An atmospheric and space scientist analyses data from a variety of sources to make weather forecasts. They take their analysis and draft reports that advise others on the current weather and make weather predictions for the future. Those in this career may also be weather broadcasters and meteorologists.
To become an an atmospheric scientist, you’d gain a bachelor’s degree in a degree field such as meteorology or atmospheric science. In order to work as an atmospheric researcher, you would need at least a master’s degree with some employers requiring a Ph.D. If you already have a bachelor’s degree in mathematics, physics, or engineering, you can become an atmospheric scientist by earning a master’s degree in atmospheric science as well.
According to O*NET OnLine, 75% of atmospheric and space scientists surveyed held a bachelor’s degree and a little less than 20% held a master’s degree.
Job Description of a Atmospheric and Space Scientist
Atmospheric and space scientists analyze atmospheric conditions and prepare weather reports, often using computer graphics. They collect data from a variety of sources such as surface and upper air stations, satellites, and radars. They must be able to interpret data contained in maps, charts, and computer knowledge in order to make short and long-term weather predictions. These scientists may also theorize the cause of whether phenomena and even predict abnormalities in weather patterns that we may expect to see based on conditions on Earth.
These scientists take into consideration humidity, atmospheric pressure, temperature, dew point, and other data points to assist in making whether models. These models also help in identifying warnings to areas that may encounter extreme weather and environmental conditions such as excessive heat or cold, drought, hurricanes, tornadoes, or flooding.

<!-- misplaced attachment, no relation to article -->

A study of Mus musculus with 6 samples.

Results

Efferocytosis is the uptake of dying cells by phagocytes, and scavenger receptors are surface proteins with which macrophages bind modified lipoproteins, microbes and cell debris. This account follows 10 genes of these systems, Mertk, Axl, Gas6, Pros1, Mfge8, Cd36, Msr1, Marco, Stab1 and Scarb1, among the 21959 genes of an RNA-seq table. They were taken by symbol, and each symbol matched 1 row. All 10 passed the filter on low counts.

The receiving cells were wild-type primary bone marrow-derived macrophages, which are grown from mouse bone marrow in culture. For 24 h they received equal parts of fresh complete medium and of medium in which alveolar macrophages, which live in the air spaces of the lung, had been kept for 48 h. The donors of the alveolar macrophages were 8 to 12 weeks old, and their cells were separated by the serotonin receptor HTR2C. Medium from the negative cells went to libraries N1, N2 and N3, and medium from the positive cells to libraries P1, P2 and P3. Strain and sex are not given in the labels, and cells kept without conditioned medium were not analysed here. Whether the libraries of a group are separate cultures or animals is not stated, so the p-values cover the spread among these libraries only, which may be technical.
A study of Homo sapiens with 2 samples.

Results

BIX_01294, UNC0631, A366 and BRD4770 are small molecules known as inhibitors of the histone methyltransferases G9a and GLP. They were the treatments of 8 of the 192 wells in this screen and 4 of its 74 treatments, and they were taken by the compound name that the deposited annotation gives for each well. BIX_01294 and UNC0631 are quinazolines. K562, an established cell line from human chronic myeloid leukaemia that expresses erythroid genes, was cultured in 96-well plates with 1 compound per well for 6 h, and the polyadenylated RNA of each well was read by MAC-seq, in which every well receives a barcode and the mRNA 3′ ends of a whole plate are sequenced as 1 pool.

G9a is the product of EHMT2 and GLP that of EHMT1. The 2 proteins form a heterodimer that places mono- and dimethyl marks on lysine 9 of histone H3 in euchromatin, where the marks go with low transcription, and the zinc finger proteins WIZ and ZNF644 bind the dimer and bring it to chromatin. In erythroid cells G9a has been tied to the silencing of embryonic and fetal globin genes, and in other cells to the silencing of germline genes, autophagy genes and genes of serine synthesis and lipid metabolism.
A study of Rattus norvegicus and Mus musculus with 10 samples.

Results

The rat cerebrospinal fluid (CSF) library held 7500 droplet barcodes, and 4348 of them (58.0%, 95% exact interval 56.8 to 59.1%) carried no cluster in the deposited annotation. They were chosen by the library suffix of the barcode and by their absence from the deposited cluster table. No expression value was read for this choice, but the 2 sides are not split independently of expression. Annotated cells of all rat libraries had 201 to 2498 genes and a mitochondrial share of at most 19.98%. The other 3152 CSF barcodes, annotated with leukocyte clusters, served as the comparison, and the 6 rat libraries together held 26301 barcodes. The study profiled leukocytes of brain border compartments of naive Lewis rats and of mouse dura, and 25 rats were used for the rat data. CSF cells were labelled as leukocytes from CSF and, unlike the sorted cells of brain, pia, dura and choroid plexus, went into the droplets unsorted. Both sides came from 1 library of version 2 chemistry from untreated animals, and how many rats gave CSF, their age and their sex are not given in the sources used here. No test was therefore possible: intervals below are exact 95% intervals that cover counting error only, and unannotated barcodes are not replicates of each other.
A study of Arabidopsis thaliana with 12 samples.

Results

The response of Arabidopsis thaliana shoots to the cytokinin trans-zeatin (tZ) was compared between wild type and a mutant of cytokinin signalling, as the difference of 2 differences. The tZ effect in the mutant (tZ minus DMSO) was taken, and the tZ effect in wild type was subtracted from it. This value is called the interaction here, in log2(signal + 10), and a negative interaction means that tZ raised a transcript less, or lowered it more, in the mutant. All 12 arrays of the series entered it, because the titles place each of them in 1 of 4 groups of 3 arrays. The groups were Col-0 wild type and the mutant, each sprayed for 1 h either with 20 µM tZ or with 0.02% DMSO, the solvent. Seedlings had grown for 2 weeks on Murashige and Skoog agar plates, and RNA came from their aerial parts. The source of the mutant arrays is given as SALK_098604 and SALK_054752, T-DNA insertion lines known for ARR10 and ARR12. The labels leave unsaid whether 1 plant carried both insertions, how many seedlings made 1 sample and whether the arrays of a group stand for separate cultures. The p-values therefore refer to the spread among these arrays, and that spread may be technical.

Free Teacher and Student Resources
Chalmers University of Technology offers a free Sensing Planet Earth – From Core to Outer Space course on EdX.org (link opens in a new tab) with the option to pay a small fee receive a verified certificate upon completion of the course.
By taking this course, you’ll learn:
- How we measure solid earth, atmosphere and biosphere.
- How to judge the quality and reliability of earth observations.
- How to compare measurement tools.
- How we apply earth observations to better understand our planet.
Atmospheric and Space Scientist Career Video Transcript
Even before breakfast, and certainly before leaving the house, most people consult the weather forecast. That essential item of news is provided by atmospheric and space scientists, who study the weather and climate, and examine how those conditions affect human activity and the earth. Atmospheric scientists collect data from the field using instruments such as weather balloons, radar systems, and satellite imagery. Many write their own computer programs to model or predict weather developments, and advise the public or their clients on risks caused by weather events and climate change.
There are many types of atmospheric scientists. For example, weather forecasters use computer models to forecast short- and long-term conditions for airports, farmers, utility companies, and others. Climate scientists model climate change to help plan building design and adapt agricultural production to changing conditions. Atmospheric scientists generally work full time and may be called upon to work at odd hours, or overtime—keeping the public informed during severe weather or monitoring conditions around the clock at a field station. They may work in government weather stations, laboratories and offices, or television and radio stations. Atmospheric scientists need a bachelor’s degree in meteorology or a related earth science field for most positions. To lead research or teach at the college level usually requires a Ph.D. or master’s degree in the field.
Bureau of Labor Statistics, U.S. Department of Labor, Occupational Outlook Handbook, Atmospheric Scientists, Including Meteorologists/a>.
National Center for O*NET Development. 19-2021.00. O*NET OnLine.
The career video is in the public domain from the U. S. Department of Labor, Employment and Training Administration.